The Motley Fool

Has the BP share price already reached its peak?

A plant pipetrack at BP's Hull Petrochemicals site
Image: BP

The BP (LSE: BP) share price has performed strongly recently, reaching 365p at the end of October. Over the past year, the shares have also risen 34%. This has mainly been due to rising oil prices, which have helped to boost profits. Nonetheless, it has fallen back over the past couple of weeks, and is currently priced at 326p, a 11% decrease from its recent highs. As such, has the BP share price already reached its peak, and this is the start of a major decline or is this a buying opportunity on the dip?

Recent trading update

On the face of it, the recent Q3 trading update looked pretty strong. Indeed, underlying profits were $3.3bn, a slight rise from the $2.8bn recorded the previous quarter. Last year, underlying profits were also only $86m, showing the company’s strong improvement.

5 Stocks For Trying To Build Wealth After 50

Markets around the world are reeling from the coronavirus pandemic… and with so many great companies trading at what look to be ‘discount-bin’ prices, now could be the time for savvy investors to snap up some potential bargains.

But whether you’re a newbie investor or a seasoned pro, deciding which stocks to add to your shopping list can be a daunting prospect during such unprecedented times.

Fortunately, The Motley Fool UK analyst team have short-listed five companies that they believe STILL boast significant long-term growth prospects despite the global upheaval…

We’re sharing the names in a special FREE investing report that you can download today. And if you’re 50 or over, we believe these stocks could be a great fit for any well-diversified portfolio.

Click here to claim your free copy now!

This strong improvement has also been met with strong shareholder returns, including a further $1.25bn share buyback announced. A quarterly dividend per share of 5.46 cents is also 4% higher than last year and equates to a yield of around 5%. This is very strong in comparison to many other FTSE 100 stocks.

Strong cash generation has equally enabled the company to reduce net debt, which now stands at under $32bn, 20% lower than last year.

As such, these Q3 results highlight that the company is performing well and many of the problems caused by the pandemic are over. This may suggest that the BP share price has more room to rise and may not have reached its peak.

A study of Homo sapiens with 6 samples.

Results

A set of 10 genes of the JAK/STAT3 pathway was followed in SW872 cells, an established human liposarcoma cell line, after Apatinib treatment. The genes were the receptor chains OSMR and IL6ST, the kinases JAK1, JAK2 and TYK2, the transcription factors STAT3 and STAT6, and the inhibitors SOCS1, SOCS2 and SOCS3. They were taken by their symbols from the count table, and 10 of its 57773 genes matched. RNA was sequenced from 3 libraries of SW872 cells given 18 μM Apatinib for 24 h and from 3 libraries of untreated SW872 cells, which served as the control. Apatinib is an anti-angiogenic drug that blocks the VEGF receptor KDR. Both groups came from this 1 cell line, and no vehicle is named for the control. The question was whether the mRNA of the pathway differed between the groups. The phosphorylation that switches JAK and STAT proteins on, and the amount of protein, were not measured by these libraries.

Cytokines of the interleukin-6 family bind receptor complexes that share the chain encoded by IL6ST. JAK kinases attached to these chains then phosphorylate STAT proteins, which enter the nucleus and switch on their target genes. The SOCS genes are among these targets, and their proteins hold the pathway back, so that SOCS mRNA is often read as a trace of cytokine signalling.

Other factors 

Despite these strong results, there are some reasons for pessimism, and these may have caused the recent fallback. In fact, the excellent cash generation was only possible due to the soaring prices of oil. Unfortunately for BP, I don’t think that these high prices are here to stay too long.

This view is also shared by the US Energy Information Administration, which stated on Thursday that it believes that crude oil prices are set to decline due to supply being greater than demand. It has placed an average cost of $72 per barrel next year, far lower than its current price of $80. If this turns out to be correct, BP profits could be hit, both damaging the share price and shareholder returns.

I’m also pessimistic on the long-term future of oil prices, especially in the ever-increasing climate change conscious society. As things like electric vehicles start to increase in popularity, I feel that oil demand is likely to waver. This will have negative impacts on oil prices over the longer term.

As such, it will be vital for BP’s growing renewable energy division to help replace these profits. But while BP is doing better than other oil companies, I still feel like the company’s investment into renewable energy is not enough. Instead, BP seems to have prioritised large shareholder returns. For the long-term health of the company, I don’t believe this is wise.

Where’s next for the BP share price?

I think the BP share price may have reached its peak, and therefore, I’m not going to buy any shares. This is because oil prices look set to decline over the next few years, and I still believe the company’s renewable energy division is unequipped to replace these lost profits.

Our 5 Top Shares for the New “Green Industrial Revolution"

It was released in November 2020, and make no mistake:

It’s happening.

The UK Government’s 10-point plan for a new “Green Industrial Revolution.”

PriceWaterhouse Coopers believes this trend will cost £400billion…

…That’s just here in Britain over the next 10 years.

Worldwide, the Green Industrial Revolution could be worth TRILLIONS.

It’s why I’m urging all investors to read this special presentation carefully, and learn how you can uncover the 5 companies that we believe are poised to profit from this gargantuan trend ahead!

Access this special "Green Industrial Revolution" presentation now

Stuart Blair has no position in any of the shares mentioned. The Motley Fool UK has no position in any of the shares mentioned. Views expressed on the companies mentioned in this article are those of the writer and therefore may differ from the official recommendations we make in our subscription services such as Share Advisor, Hidden Winners and Pro. Here at The Motley Fool we believe that considering a diverse range of insights makes us better investors.

Our 6 'Best Buys Now' Shares

Renowned stock-picker Mark Rogers and his analyst team at The Motley Fool UK have named 6 shares that they believe UK investors should consider buying NOW.

So if you’re looking for more stock ideas to try and best position your portfolio today, then it might be a good day for you. Because we're offering a full 33% off your first year of membership to our flagship share-tipping service, backed by our 'no quibbles' 30-day subscription fee refund guarantee.

Simply click below to discover how you can take advantage of this.